Monday, October 1, 2007

The Nan Goldin Thing; or, How Dangerous is a Naked Little Girl?

Once again, the righteous have decided that the children of the world must be protected from art--or more accurately, from pedophiles who frequent art galleries. I thought pedophiles frequented playgrounds and Boy Scout Jamborees, but what do I know? (For those of you who haven't been following the story of the Nan Goldin photograph seized from a UK art gallery, you can get up to speed with this Times Online story. If you go to this BBC page, you'll see a link in the upper right for a video that actually shows a cropped version of the offending photo.)

I've already gotten in trouble recently for being soft on pedophiles, but I've got to say that I'm horrified at the idea of prosecuting anyone who makes or displays a photo like this one. So far all the police have done is confiscate the picture, and even that is completely inappropriate, if you ask me. Of course, there's no question that a pedophile with a thing for little girls would find the picture stimulating. So what? He'd probably get a hard-on watching ads for My Little Pony. Think we should ban them?

Censoring a picture like Goldin's does absolutely nothing to protect children. It protects adults who are either 1) irrationally fearful of the dangers of sexual predators; or 2) offended by nudity and the unselfconscious play of young children, which often has a perfectly natural (and healthy) erotic element. There's a world of difference between free-spirited play between two kids and the coerced sexual encounters depicted in true child pornography. People whose thinking is so clouded by repression that they can't understand that difference are certainly too stupid to be put in charge of protecting public safety.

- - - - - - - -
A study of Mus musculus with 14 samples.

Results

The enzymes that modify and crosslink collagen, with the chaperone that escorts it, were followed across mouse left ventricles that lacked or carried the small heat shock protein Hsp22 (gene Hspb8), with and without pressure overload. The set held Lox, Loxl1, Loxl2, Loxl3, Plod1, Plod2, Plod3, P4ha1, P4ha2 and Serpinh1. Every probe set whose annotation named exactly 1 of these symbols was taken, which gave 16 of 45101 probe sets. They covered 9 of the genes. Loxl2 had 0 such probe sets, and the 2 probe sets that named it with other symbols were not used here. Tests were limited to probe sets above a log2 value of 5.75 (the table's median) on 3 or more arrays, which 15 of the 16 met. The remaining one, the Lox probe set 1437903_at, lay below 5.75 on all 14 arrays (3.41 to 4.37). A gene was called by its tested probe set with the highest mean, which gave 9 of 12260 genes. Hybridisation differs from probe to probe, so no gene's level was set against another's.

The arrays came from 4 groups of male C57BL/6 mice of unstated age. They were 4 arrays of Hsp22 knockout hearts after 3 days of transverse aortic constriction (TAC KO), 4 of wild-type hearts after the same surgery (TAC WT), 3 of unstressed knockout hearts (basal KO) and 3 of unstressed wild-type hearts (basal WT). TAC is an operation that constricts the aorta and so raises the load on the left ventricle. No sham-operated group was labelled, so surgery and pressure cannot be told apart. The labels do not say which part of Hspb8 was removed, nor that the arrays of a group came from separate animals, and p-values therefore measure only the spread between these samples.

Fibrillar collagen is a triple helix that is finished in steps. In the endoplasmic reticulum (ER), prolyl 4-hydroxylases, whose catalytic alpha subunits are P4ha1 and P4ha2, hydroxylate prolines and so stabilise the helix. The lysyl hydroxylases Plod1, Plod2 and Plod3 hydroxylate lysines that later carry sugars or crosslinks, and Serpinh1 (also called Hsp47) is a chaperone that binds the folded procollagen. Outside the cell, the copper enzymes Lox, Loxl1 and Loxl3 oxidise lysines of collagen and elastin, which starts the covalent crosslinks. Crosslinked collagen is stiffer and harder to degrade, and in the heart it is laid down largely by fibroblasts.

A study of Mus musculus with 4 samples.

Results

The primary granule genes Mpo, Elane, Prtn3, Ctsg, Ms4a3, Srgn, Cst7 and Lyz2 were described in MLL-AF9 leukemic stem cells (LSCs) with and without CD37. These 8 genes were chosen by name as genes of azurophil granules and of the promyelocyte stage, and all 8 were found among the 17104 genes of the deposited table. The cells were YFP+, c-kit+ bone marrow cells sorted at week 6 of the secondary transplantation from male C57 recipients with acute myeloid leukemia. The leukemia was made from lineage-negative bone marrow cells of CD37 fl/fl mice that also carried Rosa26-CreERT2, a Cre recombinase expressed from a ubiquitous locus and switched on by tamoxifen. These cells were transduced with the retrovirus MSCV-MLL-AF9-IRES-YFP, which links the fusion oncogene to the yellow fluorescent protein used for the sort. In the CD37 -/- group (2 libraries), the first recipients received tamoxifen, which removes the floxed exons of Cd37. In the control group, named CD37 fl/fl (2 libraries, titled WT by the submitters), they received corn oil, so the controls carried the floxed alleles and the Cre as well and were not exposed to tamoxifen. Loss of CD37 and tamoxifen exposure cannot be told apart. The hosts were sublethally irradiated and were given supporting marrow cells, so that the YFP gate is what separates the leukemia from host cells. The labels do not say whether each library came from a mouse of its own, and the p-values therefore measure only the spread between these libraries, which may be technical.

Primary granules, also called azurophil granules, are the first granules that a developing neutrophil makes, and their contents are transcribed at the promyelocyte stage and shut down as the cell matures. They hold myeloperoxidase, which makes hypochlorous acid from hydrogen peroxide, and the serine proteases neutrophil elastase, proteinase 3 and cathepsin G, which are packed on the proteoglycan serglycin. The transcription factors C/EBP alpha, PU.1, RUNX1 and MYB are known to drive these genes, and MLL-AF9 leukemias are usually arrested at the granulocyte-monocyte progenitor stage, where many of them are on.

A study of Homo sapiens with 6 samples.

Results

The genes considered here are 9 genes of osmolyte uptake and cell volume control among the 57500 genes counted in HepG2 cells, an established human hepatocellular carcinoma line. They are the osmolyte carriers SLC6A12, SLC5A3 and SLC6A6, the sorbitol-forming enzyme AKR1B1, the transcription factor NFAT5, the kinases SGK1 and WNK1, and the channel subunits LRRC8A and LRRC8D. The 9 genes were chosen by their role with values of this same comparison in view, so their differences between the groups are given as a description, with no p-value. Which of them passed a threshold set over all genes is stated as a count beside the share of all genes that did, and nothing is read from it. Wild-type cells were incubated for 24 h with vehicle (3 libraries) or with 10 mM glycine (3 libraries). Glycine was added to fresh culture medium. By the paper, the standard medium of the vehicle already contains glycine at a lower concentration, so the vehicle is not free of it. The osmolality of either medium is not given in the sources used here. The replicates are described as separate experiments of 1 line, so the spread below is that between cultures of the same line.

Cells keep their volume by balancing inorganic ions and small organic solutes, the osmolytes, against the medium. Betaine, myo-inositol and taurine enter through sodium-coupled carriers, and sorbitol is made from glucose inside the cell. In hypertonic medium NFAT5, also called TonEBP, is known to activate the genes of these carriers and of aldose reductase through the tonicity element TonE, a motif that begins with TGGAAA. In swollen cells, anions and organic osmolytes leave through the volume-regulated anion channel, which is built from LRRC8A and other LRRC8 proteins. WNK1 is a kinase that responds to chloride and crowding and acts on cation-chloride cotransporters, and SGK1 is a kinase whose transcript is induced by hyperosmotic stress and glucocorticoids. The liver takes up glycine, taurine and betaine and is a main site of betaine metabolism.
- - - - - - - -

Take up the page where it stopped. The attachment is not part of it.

I am sympathetic to one element of the prudes' reasoning, which is that it's inappropriate to display such an intimate image since the child in it is unable to consent. But I'm not sure I think there should be a law saying that a nude photo of a child can't be exhibited until its subject is eighteen. That would, among other things, prohibit a lot of valuable documentary photography, such as the famous photo of Kim Phuc Phan Thi.

I'll be interested to see how this finally plays out. I hope somebody has some sense, and they let the whole thing drop. This case is a classic example of the sort of thing I worry about when the feminist anti-porn brigade starts marching. Laws that prohibit expression inevitably wind up being used to censor artists (especially women artists) who make the mainstream nervous, while barely touching the scumbags who actually abuse and exploit kids..


Leopoldo said...

I wholeheartedly concur.

helg said...

You always make interesting points on such subjects.

Mary said...

Art is certainly not comfortable sometimes (in fact, perhaps most of the time). And all nudity in art isn't prurient, including nude depictions of children. That being said, I think it's a tough call for museum and gallery directors.

BitterGrace said...

I agree, Mary. I wouldn't really be too critical of an exhibitor who decided such a pic was too much--but that's very different from the state policing art.